How Acupuncture Can Help Veterans with PTSD

Veteran PTSD and AcupunctureWith the war in the Middle East fresh in our minds and Veterans Day now approaching, we are reminded that after selflessly serving their country many American military personnel are left suffering from the effects of stress and post-traumatic stress disorder (PTSD). Often expensive and difficult to treat, stress and stress-related conditions lend themselves to treatment with cost-effective, non-invasive modalities such as Chinese medicine and acupuncture.

In support of Veteran’s Day, clinical interns at the American College of Traditional Chinese Medicine will be offering ear acupuncture treatments for stress reduction to the public at it’s donation-based clinic in Potrero Hill. The ear clinic operates Mondays and Tuesdays from 1:30 – 4:15 pm, and Wednesdays and Thursdays from 9:00 am to 11:45 am. The Ear Clinic is located at 555 De Haro Street in San Francisco. No appointments are necessary, and no one will be turned away for lack of funds.

Veterans and active members of the military are at particularly high risk for stress-induced health problems such as anxiety, post-traumatic stress disorder (PTSD), depression and substance abuse. According to a 2006 report published in the Journal of the American Medical Association, one out of every three US soldiers who returns from active duty in Iraq needs mental health treatment.

The number of Iraq and Afghanistan war veterans seeking treatment for PTSD from the Department of Veterans Affairs jumped by nearly 20,000 — almost 70 percent — in the 12 months ending June 30, 2007, according to the Army Times. More than 100,000 veterans — about one out of seven of those who have served and left active duty — have sought help for mental illness since late 2001, the start of the war in Afghanistan. Almost half of those cases were for PTSD.

These numbers do not include thousands of personnel treated at storefront Vet Centers across the country, active-duty personnel diagnosed with PTSD, or former service members who have not sought treatment from the VA for their mental problems. The nearly 50,000 VA-documented PTSD cases far exceeds the official Pentagon tally for all wounded from those conflicts, which stands at 30,000.

According to the American Massage Therapy Association (AMTA), as much as 80 percent of disease is stress-related, and 60 to 90 percent of visits to primary care physicians are for stress-related problems. Stress is a physical and psychological response that causes the body to generate distress signals such as increased blood pressure and cortisol levels and lowered immune system function. If left unchecked, symptoms often worsen to become depression, fatigue, tension headaches, stomachaches, hypertension, migraines, ulcers, heart attacks, or colitis. Eventually, stress can lead to even more serious health problems, such as cancer, diabetes or thyroid dysfunction. Perhaps the most debilitating result of stress is its ability to severely impact personal relationships and everyday responsibilities such as maintaining a job and caring for one’s family.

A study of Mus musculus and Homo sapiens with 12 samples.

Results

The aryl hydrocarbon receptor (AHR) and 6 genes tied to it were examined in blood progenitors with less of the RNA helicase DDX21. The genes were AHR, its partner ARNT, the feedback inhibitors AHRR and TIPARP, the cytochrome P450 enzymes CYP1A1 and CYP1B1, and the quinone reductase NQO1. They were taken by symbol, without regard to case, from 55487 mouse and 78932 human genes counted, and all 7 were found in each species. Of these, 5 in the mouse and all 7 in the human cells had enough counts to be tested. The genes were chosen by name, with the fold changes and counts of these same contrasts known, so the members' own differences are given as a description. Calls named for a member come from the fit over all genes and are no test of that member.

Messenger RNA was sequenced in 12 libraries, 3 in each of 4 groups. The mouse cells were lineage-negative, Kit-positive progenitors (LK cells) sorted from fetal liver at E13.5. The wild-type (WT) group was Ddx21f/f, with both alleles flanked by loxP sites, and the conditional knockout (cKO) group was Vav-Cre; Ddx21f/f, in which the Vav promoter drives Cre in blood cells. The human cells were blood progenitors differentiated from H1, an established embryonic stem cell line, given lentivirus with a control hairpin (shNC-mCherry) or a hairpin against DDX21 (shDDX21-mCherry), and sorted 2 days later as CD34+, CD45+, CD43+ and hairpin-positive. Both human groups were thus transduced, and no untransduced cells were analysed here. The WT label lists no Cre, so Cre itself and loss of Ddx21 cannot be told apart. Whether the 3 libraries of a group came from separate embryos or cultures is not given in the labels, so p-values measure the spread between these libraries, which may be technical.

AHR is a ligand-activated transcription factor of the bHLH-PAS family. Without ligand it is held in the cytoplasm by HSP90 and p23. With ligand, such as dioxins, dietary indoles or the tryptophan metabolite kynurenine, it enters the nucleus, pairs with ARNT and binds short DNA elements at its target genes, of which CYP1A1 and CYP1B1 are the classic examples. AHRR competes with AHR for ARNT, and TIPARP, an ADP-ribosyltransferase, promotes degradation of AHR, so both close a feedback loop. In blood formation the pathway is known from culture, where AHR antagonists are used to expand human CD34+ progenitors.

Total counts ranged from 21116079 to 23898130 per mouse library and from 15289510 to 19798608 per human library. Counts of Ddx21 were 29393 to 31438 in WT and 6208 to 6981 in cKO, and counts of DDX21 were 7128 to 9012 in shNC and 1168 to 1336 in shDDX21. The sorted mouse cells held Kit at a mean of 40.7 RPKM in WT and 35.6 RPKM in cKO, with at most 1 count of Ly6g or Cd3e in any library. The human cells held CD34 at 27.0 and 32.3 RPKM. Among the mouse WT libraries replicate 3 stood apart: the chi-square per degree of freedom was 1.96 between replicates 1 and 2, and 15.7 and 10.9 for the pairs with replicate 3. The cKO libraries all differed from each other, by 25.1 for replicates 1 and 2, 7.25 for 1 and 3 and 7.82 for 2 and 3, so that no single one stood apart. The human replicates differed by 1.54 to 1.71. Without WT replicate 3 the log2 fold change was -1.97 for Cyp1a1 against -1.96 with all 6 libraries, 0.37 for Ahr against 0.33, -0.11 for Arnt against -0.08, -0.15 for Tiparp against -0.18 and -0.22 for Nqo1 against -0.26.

Acupuncture and PTSD

Studies show that Chinese medicine, which includes acupuncture, herbs, massage, Tai Chi and Qi Gong, can significantly help reduce stress, anxiety and depression. The Chinese medical view of stress is that excessive emotional stimulation or suppression sets up an imbalance of the basic life force energy, or “Qi”, thereby injuring the body and producing disease.

Chinese medicine can alleviate stress symptoms by releasing endorphins, the body’s own natural painkillers, and improving the circulation of blood and lymphatic fluids which bring fresh oxygen to body tissues. This increased oxygen flow eliminates waste products from inside the body, boosts the immune system, and enhances recovery from diseases. Chinese medicine also decreases the stress hormone cortisol, lowers blood pressure, reduces heart rate, and relaxes muscle tissue. The health benefits offered by Chinese medicine, when used in conjunction with Western therapies, could have a large impact on the well-being and quality of life of active military and veterans.

For more information on how acupuncture and Chinese medicine can help veterans and others suffering from stress and anxiety, please call American College of Traditional Chinese Medicine at (415) 355-1601 x12. For more information on the donation-based ear clinic, or make an appointment in the College’s full-service Community Clinic.

American College of Traditional Chinese Medicine (ACTCM) has provided affordable, quality health care to the public and trained professionals in acupuncture, massage and Chinese medicine since 1980. In addition to its graduate curriculum, ACTCM offers continuing education, public education, community outreach and clinical services in acupuncture and herbal medicine. ACTCM has been the recipient of many awards for its curriculum, faculty and clinic, and has been voted “Best of the Bay” by both the San Francisco Weekly and the San Francisco Bay Guardian. ACTCM is accredited by the Accreditation Commission for Acupuncture and Oriental Medicine and is a private, nonprofit, 501(c)(3) tax-exempt organization.